The 2011 Japanese Womens World Cup Team

Sports are full of storybook and awe inspiring moments, but perhaps none bigger than the story around the 2011 Women’s Japanese soccer team that took part in the World Cup. Here I will talk about their thrilling journey at the tournament, as well as what makes it so insane and inspiring.

To really understand and appreciate what this Japanese team did and how inspiring it was, we have to take a look back at the horrific earthquake and tsunami that occurred in Japan in 2011. A 9.0 earthquake hit off the coast of Japan, which led to a horrible tsunami to hit the shore with waves over 100 feet tall. This earthquake was the most powerful to ever hit Japan and the fourth most powerful in the history of the recorded world. The tsunami killed more than 15,000 people and led to a massive $235 billion dollar economic cost to the World Bank, which made it the costliest natural disaster in history.

(source: theatlantic.com)

(source: theatlantic.com)

After an event like this, the morale of the country was understandably low and the nation was going through one of its worst periods since World War 2. But, life had to go on as normal, which meant the women’s soccer team from Japan would still take part in the 2011 Women’s World cup, which took place only a few months after the horrible disaster.

Leading up to this World Cup, the Japanese team was nothing special as they had fairly modest performances at the 2003 and 2007 World cups. In both of those events, they lost out in the group stages. With emotions running high due to the tsunami (and the country needing something to rally around and be positive about) the pressure on the Japanese team to perform was huge.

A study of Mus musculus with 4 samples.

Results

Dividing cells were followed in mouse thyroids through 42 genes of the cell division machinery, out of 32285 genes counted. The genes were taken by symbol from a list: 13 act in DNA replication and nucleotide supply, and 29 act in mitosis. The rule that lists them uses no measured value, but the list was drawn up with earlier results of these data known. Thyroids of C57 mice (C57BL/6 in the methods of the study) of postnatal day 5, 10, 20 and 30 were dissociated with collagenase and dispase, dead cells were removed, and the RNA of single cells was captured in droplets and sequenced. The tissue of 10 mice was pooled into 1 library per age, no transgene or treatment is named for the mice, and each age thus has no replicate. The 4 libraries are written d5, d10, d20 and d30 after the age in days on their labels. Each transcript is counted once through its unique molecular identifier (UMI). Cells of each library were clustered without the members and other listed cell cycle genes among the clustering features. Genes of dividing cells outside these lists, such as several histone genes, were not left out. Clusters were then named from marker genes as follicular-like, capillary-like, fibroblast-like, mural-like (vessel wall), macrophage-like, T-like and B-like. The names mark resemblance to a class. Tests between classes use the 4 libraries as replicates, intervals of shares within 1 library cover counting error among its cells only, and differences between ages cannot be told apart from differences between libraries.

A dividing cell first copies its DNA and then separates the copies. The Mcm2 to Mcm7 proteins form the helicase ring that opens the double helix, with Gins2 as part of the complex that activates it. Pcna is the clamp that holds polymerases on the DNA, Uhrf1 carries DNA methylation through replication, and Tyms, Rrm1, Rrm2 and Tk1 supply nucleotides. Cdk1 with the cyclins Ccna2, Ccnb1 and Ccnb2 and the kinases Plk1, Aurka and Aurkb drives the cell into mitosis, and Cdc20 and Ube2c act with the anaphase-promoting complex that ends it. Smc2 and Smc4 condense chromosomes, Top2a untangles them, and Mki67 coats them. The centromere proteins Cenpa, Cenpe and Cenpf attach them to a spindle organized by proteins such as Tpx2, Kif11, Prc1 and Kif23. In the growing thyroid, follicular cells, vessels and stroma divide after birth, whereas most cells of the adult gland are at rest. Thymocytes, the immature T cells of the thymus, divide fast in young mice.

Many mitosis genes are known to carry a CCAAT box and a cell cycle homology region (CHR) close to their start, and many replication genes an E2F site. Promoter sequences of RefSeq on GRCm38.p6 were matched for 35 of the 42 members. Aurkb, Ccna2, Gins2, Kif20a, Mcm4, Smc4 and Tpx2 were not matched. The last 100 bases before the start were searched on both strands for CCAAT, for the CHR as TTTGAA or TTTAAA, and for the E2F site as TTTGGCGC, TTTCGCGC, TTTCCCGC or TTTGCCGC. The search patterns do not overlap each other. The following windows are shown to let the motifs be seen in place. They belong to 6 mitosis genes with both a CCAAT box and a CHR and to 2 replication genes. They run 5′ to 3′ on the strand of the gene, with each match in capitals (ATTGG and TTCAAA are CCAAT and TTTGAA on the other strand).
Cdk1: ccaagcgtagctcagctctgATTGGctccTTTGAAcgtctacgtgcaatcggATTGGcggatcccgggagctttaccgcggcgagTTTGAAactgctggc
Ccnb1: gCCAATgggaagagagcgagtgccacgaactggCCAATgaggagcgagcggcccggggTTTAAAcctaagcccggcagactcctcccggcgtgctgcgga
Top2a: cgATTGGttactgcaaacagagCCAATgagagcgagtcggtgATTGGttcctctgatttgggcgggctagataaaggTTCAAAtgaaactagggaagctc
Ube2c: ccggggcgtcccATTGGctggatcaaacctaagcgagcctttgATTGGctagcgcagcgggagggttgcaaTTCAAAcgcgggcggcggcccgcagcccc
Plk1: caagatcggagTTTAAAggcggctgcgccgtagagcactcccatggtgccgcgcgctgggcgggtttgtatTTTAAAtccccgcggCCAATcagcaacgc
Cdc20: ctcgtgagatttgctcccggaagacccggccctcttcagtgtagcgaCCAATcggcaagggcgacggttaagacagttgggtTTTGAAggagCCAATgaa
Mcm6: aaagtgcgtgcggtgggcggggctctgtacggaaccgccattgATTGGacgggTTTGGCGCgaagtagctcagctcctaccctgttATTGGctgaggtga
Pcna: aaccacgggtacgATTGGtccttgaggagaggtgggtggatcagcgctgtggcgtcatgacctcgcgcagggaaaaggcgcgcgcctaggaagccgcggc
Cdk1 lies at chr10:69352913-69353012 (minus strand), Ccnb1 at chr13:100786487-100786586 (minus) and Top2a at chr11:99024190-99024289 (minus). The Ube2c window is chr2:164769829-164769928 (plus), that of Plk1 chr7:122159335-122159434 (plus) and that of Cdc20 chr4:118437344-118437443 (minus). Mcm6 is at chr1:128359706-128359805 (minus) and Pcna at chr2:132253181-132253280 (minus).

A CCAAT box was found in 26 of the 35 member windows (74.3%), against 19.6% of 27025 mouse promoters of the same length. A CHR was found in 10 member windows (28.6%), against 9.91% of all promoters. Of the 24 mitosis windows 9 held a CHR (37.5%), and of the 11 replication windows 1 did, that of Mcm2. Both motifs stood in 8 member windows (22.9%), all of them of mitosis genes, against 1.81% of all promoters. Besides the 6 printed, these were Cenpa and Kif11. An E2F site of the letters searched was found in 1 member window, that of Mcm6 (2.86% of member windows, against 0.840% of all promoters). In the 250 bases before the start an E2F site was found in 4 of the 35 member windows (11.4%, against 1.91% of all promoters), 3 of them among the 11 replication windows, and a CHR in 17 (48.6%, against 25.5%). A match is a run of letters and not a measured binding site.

They already exceeded their performance in the previous two World Cups by finishing second in their group (behind England) and moving on in the tournament. But the magical journey didn’t stop there. Their next match was against defending champion and the host nation of Germany. But despite being big underdogs, the Japanese came away with a victory in extra time.

(source: nytimes.com)

(source: nytimes.com)

Their next game was an easy 3-1 over Sweden that set them up for a final game against the number one ranked team in the world, the United States. The game was very evenly matched as the teams traded goals back and forth. Ultimately, extra time solved nothing and the teams needed penalties to decide the champion. And in a shock to the sports world, The Japanese team came out on top, being the first ever Asian team to win the World Cup and also the first Asian team to ever win a senior FIFA title.

The heart and perseverance these women showed throughout the competition inspired millions in Japan and finally gave them something to cheer and be happy about after months of grief. When their country needed them the most, these ladies delivered.